The most significant service experience I've been designing for over the last few years can be boiled down into two words: help yourself.
Sort of like the glass half full v. empty way of looking at the world, this expression can have a similar, dual meaning depending on perspective. Asking people to help themselves can seem very far from what "customer service" has traditionally stood for; that's true if the sentiment is used as a way to ignore or dismiss people.
Used in a more generous way, the sentiment can seem exceptionally friendly and lavish... there's nothing like being invited to "help yourself" when visiting someone's home. This kind of offer has a certain emotional effect: it loosens things up, helps you feel at home, and—most importantly—gives you (and your host) a little independence. You are no longer reliant on your host to fulfill wants and desires in a time frame that meets the need. And no one likes to feel like a pest. For your host, she no longer needs to hover, or worry if everything is OK. In the end, you both feel a little closer; it's a relationship builder.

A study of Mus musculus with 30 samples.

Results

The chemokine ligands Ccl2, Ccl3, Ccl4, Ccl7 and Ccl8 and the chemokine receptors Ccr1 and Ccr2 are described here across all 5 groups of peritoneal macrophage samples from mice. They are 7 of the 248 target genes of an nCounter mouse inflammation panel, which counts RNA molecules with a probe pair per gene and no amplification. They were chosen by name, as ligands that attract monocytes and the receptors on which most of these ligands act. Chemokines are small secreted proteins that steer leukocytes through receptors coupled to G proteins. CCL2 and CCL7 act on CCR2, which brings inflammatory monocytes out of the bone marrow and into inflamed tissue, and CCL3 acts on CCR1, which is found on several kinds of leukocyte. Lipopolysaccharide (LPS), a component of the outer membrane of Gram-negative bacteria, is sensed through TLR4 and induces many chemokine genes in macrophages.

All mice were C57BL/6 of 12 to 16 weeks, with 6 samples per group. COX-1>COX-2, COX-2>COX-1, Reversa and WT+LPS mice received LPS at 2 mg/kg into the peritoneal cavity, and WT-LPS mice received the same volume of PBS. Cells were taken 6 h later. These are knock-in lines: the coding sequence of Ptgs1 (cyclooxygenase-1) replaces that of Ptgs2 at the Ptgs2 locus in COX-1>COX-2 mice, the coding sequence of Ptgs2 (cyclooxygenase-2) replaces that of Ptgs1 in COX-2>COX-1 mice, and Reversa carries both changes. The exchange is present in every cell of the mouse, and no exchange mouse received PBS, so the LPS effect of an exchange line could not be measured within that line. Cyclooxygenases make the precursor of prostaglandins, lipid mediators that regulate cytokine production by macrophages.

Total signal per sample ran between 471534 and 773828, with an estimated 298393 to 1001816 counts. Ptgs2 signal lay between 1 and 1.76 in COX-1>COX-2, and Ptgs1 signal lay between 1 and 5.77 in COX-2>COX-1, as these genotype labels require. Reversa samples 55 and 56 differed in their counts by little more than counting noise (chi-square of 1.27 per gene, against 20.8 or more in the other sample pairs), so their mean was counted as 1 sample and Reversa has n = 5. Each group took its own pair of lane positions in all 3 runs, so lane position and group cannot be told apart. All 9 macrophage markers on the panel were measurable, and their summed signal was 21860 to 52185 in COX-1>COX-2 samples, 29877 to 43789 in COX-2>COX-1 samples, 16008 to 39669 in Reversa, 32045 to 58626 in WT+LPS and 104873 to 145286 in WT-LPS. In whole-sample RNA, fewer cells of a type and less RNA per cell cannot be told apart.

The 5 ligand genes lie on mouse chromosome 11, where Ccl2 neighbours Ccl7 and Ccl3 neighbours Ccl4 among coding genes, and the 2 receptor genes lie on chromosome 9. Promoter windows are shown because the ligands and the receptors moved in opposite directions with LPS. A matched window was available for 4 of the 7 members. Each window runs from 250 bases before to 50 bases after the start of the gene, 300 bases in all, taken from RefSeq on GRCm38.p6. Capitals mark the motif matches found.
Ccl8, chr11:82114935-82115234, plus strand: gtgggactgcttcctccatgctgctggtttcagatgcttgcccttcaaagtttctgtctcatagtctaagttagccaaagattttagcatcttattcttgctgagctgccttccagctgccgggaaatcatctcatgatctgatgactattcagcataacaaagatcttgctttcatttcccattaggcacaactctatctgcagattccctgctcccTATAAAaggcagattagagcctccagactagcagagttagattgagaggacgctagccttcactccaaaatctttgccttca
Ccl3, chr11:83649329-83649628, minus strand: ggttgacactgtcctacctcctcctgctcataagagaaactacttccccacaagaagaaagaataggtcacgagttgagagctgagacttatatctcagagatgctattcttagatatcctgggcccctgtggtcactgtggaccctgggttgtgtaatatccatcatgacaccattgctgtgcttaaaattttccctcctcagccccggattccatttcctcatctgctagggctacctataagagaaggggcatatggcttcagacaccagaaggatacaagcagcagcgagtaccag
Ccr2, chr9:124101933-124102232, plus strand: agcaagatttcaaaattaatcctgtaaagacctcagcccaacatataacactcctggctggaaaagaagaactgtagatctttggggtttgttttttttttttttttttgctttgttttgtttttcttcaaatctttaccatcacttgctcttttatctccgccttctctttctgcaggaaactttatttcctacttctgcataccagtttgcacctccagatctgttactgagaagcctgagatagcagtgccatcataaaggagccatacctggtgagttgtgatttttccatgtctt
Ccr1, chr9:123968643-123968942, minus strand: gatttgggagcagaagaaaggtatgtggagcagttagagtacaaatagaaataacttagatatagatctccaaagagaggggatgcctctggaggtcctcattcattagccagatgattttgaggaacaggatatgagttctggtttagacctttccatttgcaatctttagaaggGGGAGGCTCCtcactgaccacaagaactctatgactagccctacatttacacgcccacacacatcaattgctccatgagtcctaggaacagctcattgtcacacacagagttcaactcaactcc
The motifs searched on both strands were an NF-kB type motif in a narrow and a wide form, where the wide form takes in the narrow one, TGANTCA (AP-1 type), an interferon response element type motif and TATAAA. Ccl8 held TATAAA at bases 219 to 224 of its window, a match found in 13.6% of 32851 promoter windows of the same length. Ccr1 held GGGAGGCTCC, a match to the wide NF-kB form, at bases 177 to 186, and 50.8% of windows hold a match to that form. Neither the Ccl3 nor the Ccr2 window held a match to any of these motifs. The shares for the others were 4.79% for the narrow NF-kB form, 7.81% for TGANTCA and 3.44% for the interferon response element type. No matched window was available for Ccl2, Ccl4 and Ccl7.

With the connected world we live in today, the self help experience is more and more expected in all aspects of our lives: whether buying groceries or electronics, doing our banking, or embarking on a trip with an airline. The empowerment to do for one's self what used to be done by service staff removes hurdles that get in the way of a great experience: time-consuming processes or conversations, waiting in lines, the dependance on someone else. The experience needs to be well-designed and getting it right is probably more time consuming than good, old fashioned methods. But "no touch" customer self service is really high touch service, if done at the right time, place, and in the right context of need.
Self service options that get customers closer, faster, to the experience they are ultimately after—whether that's finding the perfect shirt, or enjoying a Hawaiian vacation—open up opportunities for businesses to dial in their focus on that end goal, and an enduring relationship with the customer.